The Bulldogs’ misguided message

Nothing makes Bronco Nation yearn for football season like an inflammatory tweet from the Fresno State football recruiting page. It was posted Friday, and it was as if it was begging for a laugh track. It read like this: “Last time we checked, no other school in the Mountain West has a richer tradition of success than the ‘Dogs! Over 40 years of winning football here in The Valley.” There were photos of the Bulldogs’ last five coaches dating back to Jim Sweeney, along with the program’s three Mountain West championship trophies. We could leave it at that, because that’s the only place this debate is close. The Bulldogs have three MW titles, and Boise State four.

The gap is so large in every other category, it’s pointless to even go there. But oh well. Last time I checked, Fresno State was 4-8 last year and 1-11 in 2016. Boise State has 22 consecutive winning seasons, the longest streak in the country. The Broncos have had just five losing seasons in 52 years as a four-year school. The Bulldogs have had five in the last nine seasons. They’ve lost 15 of 19 games to Boise State this century. The biggest Fresno State won in that stretch was 20 points. The biggest Broncos’ win has been 51 points—twice. In back-to-back seasons. There was a 50-pointer, too.

Only twice since 2000 have the Bulldogs finished the season in the Top 25. Boise State has done it 13 times. There are no BCS/New Year’s Six bowl games on Fresno State’s resume, much less victories. The Broncos, of course, are 3-for-3 in the Fiesta Bowl. It’s ironic that the Bulldogs want to take this claim back to 1980. That’s the year the Broncos won the Division I-AA national championship. There are three former Broncos on the Bulldogs coaching staff. What did they expect? C’mon, Lee Marks. You know better than that. You, too, Julius Brown. You, too, Kirby Moore. You helped build this thing up here.

SPRING BALL IS (OR WOULD HAVE BEEN) OVER

A pivotal Boise State spring football session was supposed to wrap up Saturday with the Spring Game. Instead, the Broncos have only three practices to go on as they plan for what they hope will be fall camp in August. By all accounts (including the Spring Preview on KBOI and KTIK Saturday), Boise State Players have been all in—remotely. But there’s no resolution on Hank Bachmeier’s learning curve, the rebuilding project on the offensive and defensive lines, and the new look at the safety position. It’s going to be a while.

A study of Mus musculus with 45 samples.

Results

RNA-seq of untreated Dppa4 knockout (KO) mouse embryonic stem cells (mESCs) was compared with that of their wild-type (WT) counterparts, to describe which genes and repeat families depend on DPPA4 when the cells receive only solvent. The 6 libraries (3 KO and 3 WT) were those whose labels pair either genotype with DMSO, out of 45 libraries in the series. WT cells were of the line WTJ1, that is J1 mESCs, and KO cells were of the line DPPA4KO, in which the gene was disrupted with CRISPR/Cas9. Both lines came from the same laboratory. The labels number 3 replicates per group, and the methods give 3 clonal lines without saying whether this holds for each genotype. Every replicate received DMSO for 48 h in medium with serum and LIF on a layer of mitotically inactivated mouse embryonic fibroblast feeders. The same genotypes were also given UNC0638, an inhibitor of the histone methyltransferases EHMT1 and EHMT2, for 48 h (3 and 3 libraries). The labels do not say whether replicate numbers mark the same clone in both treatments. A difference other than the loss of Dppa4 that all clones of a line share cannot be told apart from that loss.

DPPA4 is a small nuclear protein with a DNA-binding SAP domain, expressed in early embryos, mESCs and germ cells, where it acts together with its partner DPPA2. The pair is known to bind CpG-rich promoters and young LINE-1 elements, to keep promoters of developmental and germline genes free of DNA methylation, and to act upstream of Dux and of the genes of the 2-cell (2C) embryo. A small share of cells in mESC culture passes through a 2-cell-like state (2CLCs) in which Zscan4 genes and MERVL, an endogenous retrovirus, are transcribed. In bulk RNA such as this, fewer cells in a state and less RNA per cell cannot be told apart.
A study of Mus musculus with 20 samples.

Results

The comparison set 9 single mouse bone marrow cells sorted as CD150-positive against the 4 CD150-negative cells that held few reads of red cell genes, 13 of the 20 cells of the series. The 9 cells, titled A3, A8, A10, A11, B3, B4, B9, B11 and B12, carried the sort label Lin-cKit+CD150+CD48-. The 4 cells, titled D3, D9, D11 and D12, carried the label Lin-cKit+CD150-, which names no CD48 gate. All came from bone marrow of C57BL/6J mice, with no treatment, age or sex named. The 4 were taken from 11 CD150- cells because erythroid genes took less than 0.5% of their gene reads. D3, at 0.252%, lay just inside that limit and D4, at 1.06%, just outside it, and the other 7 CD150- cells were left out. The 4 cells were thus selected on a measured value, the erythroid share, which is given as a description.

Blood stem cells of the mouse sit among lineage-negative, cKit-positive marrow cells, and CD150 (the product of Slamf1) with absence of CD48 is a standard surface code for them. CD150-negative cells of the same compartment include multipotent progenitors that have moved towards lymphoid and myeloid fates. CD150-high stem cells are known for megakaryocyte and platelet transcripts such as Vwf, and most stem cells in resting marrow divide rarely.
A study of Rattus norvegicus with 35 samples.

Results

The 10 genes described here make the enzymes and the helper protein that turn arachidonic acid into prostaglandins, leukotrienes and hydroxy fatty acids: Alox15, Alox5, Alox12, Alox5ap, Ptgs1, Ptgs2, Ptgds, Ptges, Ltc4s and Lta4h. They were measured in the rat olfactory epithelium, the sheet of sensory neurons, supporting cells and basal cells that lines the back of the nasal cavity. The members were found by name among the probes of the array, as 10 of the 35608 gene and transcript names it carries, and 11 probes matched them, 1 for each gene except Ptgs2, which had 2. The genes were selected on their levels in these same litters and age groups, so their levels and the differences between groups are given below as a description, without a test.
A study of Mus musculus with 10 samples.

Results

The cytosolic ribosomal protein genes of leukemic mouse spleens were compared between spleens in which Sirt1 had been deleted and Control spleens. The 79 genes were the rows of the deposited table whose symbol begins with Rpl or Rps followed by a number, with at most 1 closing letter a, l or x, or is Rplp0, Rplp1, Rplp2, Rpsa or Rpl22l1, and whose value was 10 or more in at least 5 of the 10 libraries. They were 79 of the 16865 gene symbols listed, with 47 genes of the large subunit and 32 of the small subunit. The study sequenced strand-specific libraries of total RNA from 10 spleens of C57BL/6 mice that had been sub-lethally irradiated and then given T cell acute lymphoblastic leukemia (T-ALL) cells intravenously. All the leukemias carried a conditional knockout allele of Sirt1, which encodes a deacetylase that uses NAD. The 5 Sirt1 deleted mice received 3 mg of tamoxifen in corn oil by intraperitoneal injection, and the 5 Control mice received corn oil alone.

RAUSA’S IMPROVED VIDEO RESUME

Hopefully former Boise State kicker Tyler Rausa got what he needed out of the short-lived XFL. Because on Friday, the league folded and said it has no plans for 2021. Rausa scored the first points in XFL history with a field goal on February 8. Later in that game he connected on a 54-yarder. In the Defenders’ five games before the great sports shutdown, Rausa was 9-for-12 on field goals, including three makes from 50-plus yards. That should give NFL teams enough video to chew on. Could a training camp invite be in the offing? Rausa wouldn’t trade his XFL experience regardless. “Through it all, I established a brotherhood with guys I’ll be in contact with forever, he tweeted. “Things that life can never take away from the game.”

HARRIS TESTS THE WATERS, PORTER TRANSFERS

Two Mountain West hoops notes: Nevada guard Jalen Harris, who tore it up during the conference season, has declared for the 2020 NBA. Harris hasn’t hired an agent, though, and is leaving the door open to return to the Wolf Pack for his senior season. He averaged 21.6 points per game this past season and was named first-team All-MW. And Utah State point guard Abel Porter, a one-time walk-on, is headed to Ohio State as a graduate transfer. In the 2019-20 campaign, the 6-3 Porter started every game and averaged 5.6 points and 2.4 rebounds as the Aggies won the Mountain West tournament championship.

This Day In Sports…brought to you by COMMERCIAL TIRE…keeping you and your family on the road.

April 13, 2014: Bubba Watson wins his second Masters in three years, earning the green jacket by three strokes in a performance devoid of the drama of his 2012 victory. He fended off 20-year-old Jordan Spieth, who was tied with Watson after three rounds and was seeking to become the youngest Masters winner in history. Like Spieth, former Boise State star Graham DeLaet was playing his first Masters. But DeLaet was done in by an eight-over 80 in the first round and missed the cut.

(Tom Scott hosts the Scott Slant segment during the football season on KTVB’s Sunday Sports Extra and anchors five sports segments each weekday on 93.1 FM KTIK. He also served as color commentator on KTVB’s telecasts of Boise State football for 14 seasons.)